Image: Research Associates Rosy Heywood and Sonny Lightfoot using the extruder
Written by Rosy Heywood, Research Associate, Centre for Print Research
The production and prototyping of ceramic media has been predominantly based at the Centre for Print Research labs. The centre has expansive facilities with an array of technical equipment. Specialist machinery used in this project includes a hydraulic piston extruder and 3D printer. Other workshop equipment was utilised including an industrial dough mixer, ball mill and laser cutter.
During the design phase of creating the ceramic media it was considered a requirement that the production methods are able to produce 160 pieces of each type of media efficiently and consistently in size and also, the production method should be scalable and easily repeatable for future experimentation.
In our research, the importance of the porosity of the ceramic media was being analysed. And three production methods were established for the creation of three sets of media of varying porosities. Low porosity media was produced through extruding standard terracotta clay, medium porosity was produced by extruding a clay and sawdust composite and high porosity media was produced using an organic foam impregnation method. The specialist technical equipment used for low and medium porosity media is detailed below.
With its origins in the production of bricks, extruders are now used in many different industries. According to Frank Handle in Extrusion in Ceramics, notable applications are in the production of foodstuffs such as pasta, shaping of aluminium profiles, wrought copper alloys and steel and for the extrusion of hard metal, graphite, coal and plastics.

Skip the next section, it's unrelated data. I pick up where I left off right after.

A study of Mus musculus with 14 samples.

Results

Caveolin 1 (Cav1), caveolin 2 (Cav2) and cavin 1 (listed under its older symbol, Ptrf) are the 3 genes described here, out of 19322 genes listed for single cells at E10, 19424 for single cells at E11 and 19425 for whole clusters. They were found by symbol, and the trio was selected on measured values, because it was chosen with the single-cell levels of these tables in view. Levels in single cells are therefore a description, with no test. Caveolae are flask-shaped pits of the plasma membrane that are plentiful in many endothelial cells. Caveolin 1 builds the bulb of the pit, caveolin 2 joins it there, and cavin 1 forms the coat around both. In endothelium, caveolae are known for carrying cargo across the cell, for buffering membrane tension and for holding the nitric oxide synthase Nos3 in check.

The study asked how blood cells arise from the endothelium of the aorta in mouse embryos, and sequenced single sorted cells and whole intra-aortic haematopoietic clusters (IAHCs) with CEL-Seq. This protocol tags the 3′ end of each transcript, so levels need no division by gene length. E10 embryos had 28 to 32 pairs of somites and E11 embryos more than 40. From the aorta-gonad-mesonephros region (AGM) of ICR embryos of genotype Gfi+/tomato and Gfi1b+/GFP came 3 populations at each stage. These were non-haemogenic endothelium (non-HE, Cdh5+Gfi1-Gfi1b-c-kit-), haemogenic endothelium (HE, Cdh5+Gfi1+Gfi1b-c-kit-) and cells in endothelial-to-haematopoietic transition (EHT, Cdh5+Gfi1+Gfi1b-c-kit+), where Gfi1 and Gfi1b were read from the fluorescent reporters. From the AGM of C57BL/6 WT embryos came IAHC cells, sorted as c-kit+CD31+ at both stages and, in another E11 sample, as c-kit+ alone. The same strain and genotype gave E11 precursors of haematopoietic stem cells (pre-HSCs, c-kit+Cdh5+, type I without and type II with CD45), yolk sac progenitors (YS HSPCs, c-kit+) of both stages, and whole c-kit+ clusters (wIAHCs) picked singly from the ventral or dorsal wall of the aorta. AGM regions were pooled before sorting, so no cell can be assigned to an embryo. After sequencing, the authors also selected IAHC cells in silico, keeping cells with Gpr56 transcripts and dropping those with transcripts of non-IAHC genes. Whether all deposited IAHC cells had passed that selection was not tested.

The extruder housed at The Centre for Print Research was built by the technical team for the specific use with clay and clay composites. The clay is pushed through a die by the manually operated hydraulic ram. The die determines the extruded profile shape and size which can be extruded to different lengths.
To create the desired extrusions, we designed dies and 3D printed them to fit the ram cylinder. The benefits of using a piston extruder for this research is; it is easy to clean so small chance of contamination, little material is wasted and bespoke extrusion profiles can be produced with ease and precision using desktop 3D printers.
3D printing technology was utilised in this research to create bespoke manufacturing tools. Additive manufacturing is the production of 3D objects printed from a CAD (Computer Aided Design) model.
Filament is fed through the printer and the model is printed layer by layer. In prototyping we used a recycled Polylactic Acid (PLA) filament for the tools. PLA is a bio-plastic made from fermented plant starch and is commonly used in 3D printing due to versatility and ease of printing.
The advantage of using this technology is that we could create bespoke tools for specific processes during manufacturing the media. For example, a die was printed to extrude cylinders 20mm in diameter and a cutting jig was printed to cut them into exactly 20mm individual lengths.